Garrett Harris 10:11 p.m., May 23
City Orders Removal of Quetzalcoatl Mural from Balboa Park's Centro Cultural de la Raza
Office of Parks and Recreation Rules that Mural of Feathered Snake God and Fertility Goddess Violates California Constitution's No Preference Clause
"The jury's still out on the Egyptian gods on the side of the World Beat Center."
It started with the Surfing Madonna mosaic. After the San Diego office of state parks denied a request by the city of Encinitas to place the 10-foot-by-10-foot piece on state land at the entrance to Moonlight Beach, San Diego's own parks authority apparently began fretting about other religious displays on public land. And yesterday, Parks Commissioner Martin Measely's beady little gaze landed on a particular mural adorning the Centro Cultural de la Raza in Balboa Park.
"At first glance, all you notice are the woman's strangely nipple-free breasts," wheezed Measely in an extremely uncomfortable statement to the press yesterday afternoon. "But once you've studied the mural, it becomes clear that the woman's nether regions are encircled by a rattlesnake tail - a rattlesnake tail covered in feathers. This is a clear reference to the 'feathered serpent' Quetzalcoatl, worshipped for centuries in Central and South America. Indeed, analysis of Teotihuacan iconography shows that the Feathered Serpent was part of a triad of agricultural deities: the Goddess of the Cave symbolizing motherhood, reproduction and life; Tlaloc, god of rain, lightning and thunder; and the feathered serpent, god of vegetational renewal."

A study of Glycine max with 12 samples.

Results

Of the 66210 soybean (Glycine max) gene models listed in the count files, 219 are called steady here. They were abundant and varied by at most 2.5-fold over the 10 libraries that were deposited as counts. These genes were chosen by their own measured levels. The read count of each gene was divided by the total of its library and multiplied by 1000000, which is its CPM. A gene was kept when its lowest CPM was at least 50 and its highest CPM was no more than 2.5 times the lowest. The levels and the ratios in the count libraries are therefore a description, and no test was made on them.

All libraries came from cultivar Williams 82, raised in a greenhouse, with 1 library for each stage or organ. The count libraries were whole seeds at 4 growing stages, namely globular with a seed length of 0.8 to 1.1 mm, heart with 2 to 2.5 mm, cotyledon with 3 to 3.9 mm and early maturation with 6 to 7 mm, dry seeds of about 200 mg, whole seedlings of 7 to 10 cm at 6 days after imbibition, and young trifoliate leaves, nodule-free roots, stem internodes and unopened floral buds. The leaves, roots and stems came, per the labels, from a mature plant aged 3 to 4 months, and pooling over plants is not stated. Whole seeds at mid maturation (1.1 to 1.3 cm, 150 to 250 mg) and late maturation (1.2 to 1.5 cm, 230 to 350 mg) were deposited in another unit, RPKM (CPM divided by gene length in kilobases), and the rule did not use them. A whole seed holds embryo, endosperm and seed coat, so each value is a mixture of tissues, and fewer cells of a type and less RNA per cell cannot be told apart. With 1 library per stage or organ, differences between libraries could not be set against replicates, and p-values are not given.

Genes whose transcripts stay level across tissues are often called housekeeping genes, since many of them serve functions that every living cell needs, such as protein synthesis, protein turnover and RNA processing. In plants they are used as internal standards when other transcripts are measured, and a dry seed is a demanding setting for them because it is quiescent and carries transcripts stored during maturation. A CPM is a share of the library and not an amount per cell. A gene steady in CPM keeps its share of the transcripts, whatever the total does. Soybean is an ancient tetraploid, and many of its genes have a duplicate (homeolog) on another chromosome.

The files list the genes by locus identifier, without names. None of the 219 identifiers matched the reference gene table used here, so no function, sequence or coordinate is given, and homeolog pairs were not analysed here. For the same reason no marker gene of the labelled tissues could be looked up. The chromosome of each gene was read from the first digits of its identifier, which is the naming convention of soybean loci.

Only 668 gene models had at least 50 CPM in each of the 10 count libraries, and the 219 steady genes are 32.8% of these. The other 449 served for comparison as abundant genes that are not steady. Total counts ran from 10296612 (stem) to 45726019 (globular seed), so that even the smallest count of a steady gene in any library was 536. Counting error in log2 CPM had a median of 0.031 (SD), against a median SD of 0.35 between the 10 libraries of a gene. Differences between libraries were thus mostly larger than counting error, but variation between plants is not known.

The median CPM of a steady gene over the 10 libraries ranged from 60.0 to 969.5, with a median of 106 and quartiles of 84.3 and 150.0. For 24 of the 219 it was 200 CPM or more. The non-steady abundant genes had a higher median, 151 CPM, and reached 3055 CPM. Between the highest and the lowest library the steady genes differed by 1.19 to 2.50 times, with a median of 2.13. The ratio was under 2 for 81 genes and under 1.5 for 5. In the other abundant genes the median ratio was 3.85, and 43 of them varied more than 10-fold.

Measely nervously cleared his throat and continued. "Today, of course, the majority of Mexican types reverence the woman depicted on The Surfing Madonna mosaic. But 'No Preference' means 'No Preference,' and it would be wrong to give the Goddess of the Cave and her serpentine partner a pass just because they've fallen out of religious fashion. Remember the Winston's Poseidon?"